Right to Repair bill in New York

Started 3 months ago | Discussions thread
OP Doug J Forum Pro • Posts: 11,298
Re: Are repairs economical?

John Koch wrote:

Automobile warranties protect most buyers against major product failures. New brakes, tires, or oil changes are maintenance, not repairs.

This isn't about warranty versus maintenance, it concerns if a manufacturer sells parts to enable the work to be performed by someone other than a manufacturer's dealer or service center. OEM parts are available for some cars for out-of-warranty repairs, regardless if the owner chooses to do the repair themselves or has a non-dealer shop do it. Some manufacturers choose not to make the parts available, this is what the law addresses.

Repairs or renovations of an old house can be quite expensive, unless one risks using an unlicensed handyman to works for cash. Or DIY and discover what you don't know. An old faucet valve can be encrusted with stuff and almost impossible to remove.

Most electronic products nowadays defy any easy repair. It is cheaper to buy a replacement.

Depends on the product and what is required.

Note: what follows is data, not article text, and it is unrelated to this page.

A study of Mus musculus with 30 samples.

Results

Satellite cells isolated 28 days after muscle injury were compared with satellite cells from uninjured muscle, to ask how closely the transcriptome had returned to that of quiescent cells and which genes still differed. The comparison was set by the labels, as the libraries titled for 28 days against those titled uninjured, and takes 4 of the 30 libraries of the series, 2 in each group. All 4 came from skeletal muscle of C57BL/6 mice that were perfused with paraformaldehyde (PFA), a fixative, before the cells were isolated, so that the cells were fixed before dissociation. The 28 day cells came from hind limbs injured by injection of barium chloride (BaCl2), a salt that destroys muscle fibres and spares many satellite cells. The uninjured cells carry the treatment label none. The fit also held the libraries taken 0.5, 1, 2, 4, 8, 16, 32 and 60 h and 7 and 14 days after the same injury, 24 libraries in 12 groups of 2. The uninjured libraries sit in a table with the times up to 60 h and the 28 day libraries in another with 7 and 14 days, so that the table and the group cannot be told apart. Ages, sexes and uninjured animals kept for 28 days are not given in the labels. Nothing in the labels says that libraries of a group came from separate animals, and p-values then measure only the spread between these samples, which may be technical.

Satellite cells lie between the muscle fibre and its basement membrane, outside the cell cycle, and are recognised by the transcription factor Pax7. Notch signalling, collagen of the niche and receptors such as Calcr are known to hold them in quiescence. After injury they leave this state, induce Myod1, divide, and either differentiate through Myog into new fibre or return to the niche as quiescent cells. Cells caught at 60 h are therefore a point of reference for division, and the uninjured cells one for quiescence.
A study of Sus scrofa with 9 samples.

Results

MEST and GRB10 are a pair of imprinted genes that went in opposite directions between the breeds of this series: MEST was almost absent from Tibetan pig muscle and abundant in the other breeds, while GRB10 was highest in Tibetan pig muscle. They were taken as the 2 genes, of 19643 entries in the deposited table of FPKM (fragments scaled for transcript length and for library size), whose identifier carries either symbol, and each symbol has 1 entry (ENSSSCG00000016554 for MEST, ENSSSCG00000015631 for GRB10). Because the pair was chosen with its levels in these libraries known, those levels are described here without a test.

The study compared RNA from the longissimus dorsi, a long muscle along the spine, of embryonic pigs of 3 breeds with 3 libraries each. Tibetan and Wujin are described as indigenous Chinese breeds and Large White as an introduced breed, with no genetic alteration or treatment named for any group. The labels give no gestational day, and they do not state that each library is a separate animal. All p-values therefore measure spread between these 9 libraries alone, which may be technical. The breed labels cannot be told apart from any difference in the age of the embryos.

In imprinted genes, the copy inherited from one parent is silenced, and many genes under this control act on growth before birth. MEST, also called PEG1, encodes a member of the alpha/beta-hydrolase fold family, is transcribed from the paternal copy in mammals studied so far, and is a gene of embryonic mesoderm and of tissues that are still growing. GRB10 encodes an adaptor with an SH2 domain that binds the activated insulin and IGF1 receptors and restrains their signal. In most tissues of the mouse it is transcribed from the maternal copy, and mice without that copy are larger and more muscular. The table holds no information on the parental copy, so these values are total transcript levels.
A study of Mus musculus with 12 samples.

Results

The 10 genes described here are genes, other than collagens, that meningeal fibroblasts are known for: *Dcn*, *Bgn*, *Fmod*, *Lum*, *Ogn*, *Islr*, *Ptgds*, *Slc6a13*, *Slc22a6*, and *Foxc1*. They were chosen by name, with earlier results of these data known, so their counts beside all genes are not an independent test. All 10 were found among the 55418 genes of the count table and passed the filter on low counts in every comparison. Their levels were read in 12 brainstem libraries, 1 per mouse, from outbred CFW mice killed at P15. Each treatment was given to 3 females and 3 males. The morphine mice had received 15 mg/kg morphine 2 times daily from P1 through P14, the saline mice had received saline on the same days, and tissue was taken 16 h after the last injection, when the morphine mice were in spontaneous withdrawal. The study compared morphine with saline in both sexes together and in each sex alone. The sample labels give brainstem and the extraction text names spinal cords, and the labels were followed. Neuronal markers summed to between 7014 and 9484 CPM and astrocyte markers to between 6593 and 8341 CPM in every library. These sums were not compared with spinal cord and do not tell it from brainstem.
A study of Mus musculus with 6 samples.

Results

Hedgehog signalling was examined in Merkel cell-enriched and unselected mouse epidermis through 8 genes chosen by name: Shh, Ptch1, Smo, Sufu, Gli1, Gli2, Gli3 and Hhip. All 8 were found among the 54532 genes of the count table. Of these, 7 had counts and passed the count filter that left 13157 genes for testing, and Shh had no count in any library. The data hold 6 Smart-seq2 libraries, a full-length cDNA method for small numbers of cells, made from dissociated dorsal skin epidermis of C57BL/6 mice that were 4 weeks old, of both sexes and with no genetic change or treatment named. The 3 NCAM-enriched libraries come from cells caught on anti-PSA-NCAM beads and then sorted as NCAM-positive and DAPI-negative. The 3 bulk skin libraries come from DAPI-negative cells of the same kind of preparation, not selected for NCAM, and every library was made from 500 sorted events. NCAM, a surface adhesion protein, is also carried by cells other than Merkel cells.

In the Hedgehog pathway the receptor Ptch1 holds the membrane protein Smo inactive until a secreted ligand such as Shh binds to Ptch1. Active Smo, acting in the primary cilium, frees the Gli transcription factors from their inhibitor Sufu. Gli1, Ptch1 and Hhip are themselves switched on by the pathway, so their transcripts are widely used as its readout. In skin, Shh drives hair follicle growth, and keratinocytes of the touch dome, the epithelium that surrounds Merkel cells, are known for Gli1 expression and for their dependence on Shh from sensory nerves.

Camera bodies depreciate fast and fail for reasons other than mechanical parts one can replace. Some fixed lens cameras are darned difficult to disassemble and reassemble. They were never designed to make repairs easy.

I agree this is generally true for many cameras and lenses, but as above, it depends on the product and what is required.

To force manufacturers to provide full specs, repair guides, and parts to all supposed "repair" operators could be abused by tech pirates.

The illustrated parts breakdowns, parts lists, etc. already exist to enable the manufacturers' service depots. I don't see how this will enable tech pirates, it might expand the business for independent camera repair shops and provide the customer with more choices. The caveats that remain are how much training will be required, if specialized equipment is necessary, and if the repair shop believes it is financially attractive to do the work, some shops may decide some or all of the repairs are not worth the investments.

I don't think the NY measure will be a boon to the repair sector. Most products now perform reliable for the better part of their expected life. Replacement will be the cheaper option.

This is unlikely to result in a boon to the independent repair business, It might increase the options available to customers for some repairs.

It'll be interesting to see how this develops.

I have a 50 year-old sail boat, made of fiberglass and aluminum, that never demanded more than minimal repairs. Replacement by a new boat would be expensive. But there are plenty of old boats whose owners will often give away for almost nothing, if they know the new owner will take care of the beloved thing.